Walk in the Shoes of a Palestinian American

Lena Khalaf  - Seattle Time - 12 April 2002
A war is raging against Palestinians today. Even as I write, Israeli soldiers are killing hundreds of Palestinians. We hear day after day about "Palestinian targets" and "Palestinian militants" or "terrorists."

Lost in this barrage of epithets is our ability to understand and empathize with the Palestinian human beings who live this war and continue to survive the hostile military rule of 35 years.

A Native-American proverb tells us that no one can walk a day in another person's shoes without gaining a new perspective, so I invite you to walk with me for a moment and glimpse the world and the current war as a Palestinian American.

If you are a Palestinian, you are either living in a refugee camp, living under military occupation, living in a country other than your own, or some combination of the above. A Palestinian's daily existence is a struggle to move freely, to go to school, to work, to survive.

The refugee is a person whose life has been collapsed. One day he is a normal person in an orderly world, and the next day he is left with the clothes on his back and with whatever he could salvage from the man-made disaster that has suddenly engulfed his life.

Over one million of Palestine's total 3.7 million refugees continue to live in decrepit camps scattered throughout the Arab world. In these holding stations, no state or government is accountable for them.

Languishing in homelessness and abject poverty, there is an entire generation of Palestinians who were born, live and die in refugee camps. They spend their lives in this non-place and their identities are defined by being from a time that no longer exists.

The occupied is a person for whom fear is the standard. Over the past 35 years, Palestinians in the West Bank and Gaza have lived under the boot of a military occupation.

Lest the term be devoid of its full graphic power, let me describe some of the features of this life: Heavily-armed soldiers detain Palestinians on their way to work, school, or prayer. These soldiers search, taunt, humiliate, arrest, torture, or kill Palestinians. An entire generation of Palestinians has graduated from jails and torture cells instead of high schools. Unemployment is rampant, home demolitions are a daily threat, and violence is unending. There is a methodical destruction of all aspects of civil life and the military maintains its stranglehold on the entire population.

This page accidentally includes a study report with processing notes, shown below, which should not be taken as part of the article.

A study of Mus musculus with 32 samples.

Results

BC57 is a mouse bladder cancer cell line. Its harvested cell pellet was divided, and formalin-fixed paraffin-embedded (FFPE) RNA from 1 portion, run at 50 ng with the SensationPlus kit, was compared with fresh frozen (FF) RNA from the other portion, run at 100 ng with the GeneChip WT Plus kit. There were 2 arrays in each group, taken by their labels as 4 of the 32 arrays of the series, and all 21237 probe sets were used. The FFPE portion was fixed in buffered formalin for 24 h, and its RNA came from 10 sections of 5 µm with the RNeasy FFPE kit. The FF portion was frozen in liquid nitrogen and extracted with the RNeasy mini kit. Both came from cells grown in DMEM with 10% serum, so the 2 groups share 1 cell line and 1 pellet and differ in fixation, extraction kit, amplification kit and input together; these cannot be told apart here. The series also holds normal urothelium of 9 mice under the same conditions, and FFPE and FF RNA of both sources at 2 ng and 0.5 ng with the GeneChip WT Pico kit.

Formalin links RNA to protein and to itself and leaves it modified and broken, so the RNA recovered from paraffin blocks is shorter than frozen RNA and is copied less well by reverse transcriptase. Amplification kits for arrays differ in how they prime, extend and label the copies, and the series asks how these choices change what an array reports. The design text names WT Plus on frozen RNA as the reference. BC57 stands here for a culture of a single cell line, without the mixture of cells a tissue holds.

Finally, there are Palestinian citizens of other countries. Our parents are the refugees and the occupied, and their dispossession is our heritage. Our experience is crystallized in the astounding feats we perform as we try to explain who we are or "where" we are from without being accused of making a political statement. We live with the ghosts of those who died in countless massacres, and our family heirlooms are the gnarled old metal keys to the homes that have been taken away and the stories that our parents tell of their world that has been lost.

For Palestinian Americans, there is always the struggle between the ongoing tragedy of Palestinian life and the opportunities for normalcy in American life. We try to find context for the simple pleasures that connect us with other human beings. At our children's baseball games and over dinner with friends, our hearts always carry this burden.

This sorrow is compounded because we supply both the money and weapons that fuel Israel's extended war against the Palestinian people. On Monday, this becomes exceedingly painful when I pay my taxes and then watch the American-made Apache helicopters fire away at Palestinian "targets" the homes, schools, churches and mosques of Palestine.

When Palestinians are nameless, faceless "targets," it is possible to ignore them or turn a blind eye to their suffering. Acts of war against them can then be justified.

To walk in our shoes is to embrace both worlds, and to tear down the wall of ignorance that dehumanizes Palestinians. It is to see them as individuals with memories and aspirations and to recognize that a people's will to be free cannot be crushed by military might.

Lena Khalaf is a Palestinian American born in Seattle. She was raised in the Middle East and studied comparative literature at the University of Washington. She volunteers with the Seattle chapter of the American-Arab Anti-Discrimination Committee.